Certain selected residents of Orange County, FL are potential jurors for the First Degree Murder trial of accused Police Officer killer Dontae Morris. Morris is scheduled for trial in the murders of Tampa Police Officers Jeffrey Kocab and David Curtis after the officers pulled over a car Morris was in three years ago. At the time of Morris being pulled over he was wanted on a warrant out of Jacksonville for a worthless check. Upon his detainer he fired upon and killed Officers Kocab and Curtis. After shooting the officers Morris fled on foot and a manhunt ensued until he ultimately gave himself up at a local Tampa criminal attorney’s office. Due to the nature of the murder charge, Morris could face the death penalty if convicted should a jury ultimately elect to recommend death and the trial Judge oblige their wishes. For now, an Orange County jury will be selected to try the Hillsborough County case. A looming question on the mind of many is why pick a jury in a different jurisdiction?
Due to the subject matter of this trial leading to much media attention and despite the crime occurring in Hillsborough County, the jury will be selected in Orlando and ultimately sequestered in Tampa. Florida’s Constitution, under Article I, Section 16, guarantees that an individual accused of committing a crime shall receive an impartial trial in the county wherein the crime was allegedly committed. As support for this guarantee, Florida Rule of Criminal Procedure 3.240 allows as a safeguard, for the Defendant or the State Attorney’s Office to move for a change of venue. As a basis for this motion the moving party will allege that a fair and impartial trial can’t be had in the county where the crime was committed and as such the trial or at least the jury selection should be moved to another county in the hope that a pool of individuals less familiar with the facts can be found. Florida criminal statute 910.03 dictates that upon a court ordering a change of venue, priority must be given to any county that closely resembles the demographic composition of the county wherein the original venue would lie. Using the Morris case (see also the Casey Anthony case) as an example, the closest county offering the most purported safety in distance with the closes demographic makeup to Hillsborough is Orange County, likely because of the cities of Tampa and Orlando being somewhat similar demographically.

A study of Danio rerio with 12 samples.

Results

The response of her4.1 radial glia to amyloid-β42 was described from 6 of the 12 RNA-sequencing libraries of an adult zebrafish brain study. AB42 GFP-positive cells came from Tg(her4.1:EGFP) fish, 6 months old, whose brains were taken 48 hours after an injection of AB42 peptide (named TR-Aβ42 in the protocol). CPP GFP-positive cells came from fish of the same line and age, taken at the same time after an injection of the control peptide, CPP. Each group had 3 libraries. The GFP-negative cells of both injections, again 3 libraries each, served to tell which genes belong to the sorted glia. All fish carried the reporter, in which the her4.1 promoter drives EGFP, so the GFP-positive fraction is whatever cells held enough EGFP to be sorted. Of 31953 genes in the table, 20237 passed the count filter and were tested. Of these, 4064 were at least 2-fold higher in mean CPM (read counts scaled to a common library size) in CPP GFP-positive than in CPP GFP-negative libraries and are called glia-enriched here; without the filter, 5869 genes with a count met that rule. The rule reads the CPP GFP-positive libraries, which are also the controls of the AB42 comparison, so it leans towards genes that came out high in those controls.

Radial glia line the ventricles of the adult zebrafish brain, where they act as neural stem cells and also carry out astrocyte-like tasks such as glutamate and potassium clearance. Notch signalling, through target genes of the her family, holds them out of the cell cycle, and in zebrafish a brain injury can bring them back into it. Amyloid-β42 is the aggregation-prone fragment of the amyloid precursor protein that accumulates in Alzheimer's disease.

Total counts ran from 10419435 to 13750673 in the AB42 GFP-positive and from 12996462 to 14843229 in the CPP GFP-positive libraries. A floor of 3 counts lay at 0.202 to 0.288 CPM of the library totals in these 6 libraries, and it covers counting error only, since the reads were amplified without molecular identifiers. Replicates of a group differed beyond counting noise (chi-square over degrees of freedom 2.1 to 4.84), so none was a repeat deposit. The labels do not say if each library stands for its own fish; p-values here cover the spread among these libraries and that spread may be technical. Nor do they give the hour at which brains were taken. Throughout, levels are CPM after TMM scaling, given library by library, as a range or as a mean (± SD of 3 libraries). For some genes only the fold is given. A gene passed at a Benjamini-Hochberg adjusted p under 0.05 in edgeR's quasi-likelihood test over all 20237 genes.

The question in the mind of our Tampa criminal lawyers is, why? We’ve spoken and blogged about this issue with the Casey Anthony and George Zimmerman cases. In this “twitter” age of instant information and the capability for anyone, anywhere to get news, is it really still practical to have a change of venue? The idea that a local prejudice against a defendant is so much more intense than a prejudice 90 miles down the road seems to lose some steam in this generation. Jackson v. State, 359 So.2d 1190 (Fla. 1978). When a criminal attorney alleges that this issue is present, a court uses a test handed down in the case of Manning v. State, 378 So.2d 274 (Fla. 1979). If it is determined that the general state of mind of the local citizens is so flooded with knowledge of the alleged facts of the crime and that they possess a prejudice, bias or opinion so that no local individual could put those prejudices, bias, or opinions form their mind then venue may be changed.
The cases that dictate the test in a change of venue motion are from a time where news didn’t travel as quickly as it does now. As a criminal attorney I’m all for preserving the rights of the people. At the same time it appears that the effectiveness of a change of venue could be waning. The Dontae Morris case has been and will continue to be national news. That said, the nature of the murder allegations are just as startling to an Orange County resident as they are to Hillsborough County residents. With that in mind, is this still and effective means to ensure the greatest chance at a fair trial? Time will tell.
Jason Mayberry is a Federal and State criminal attorney practicing in Florida and Tennessee. Give us a call at 813-444-7435 or at 727-771-3847.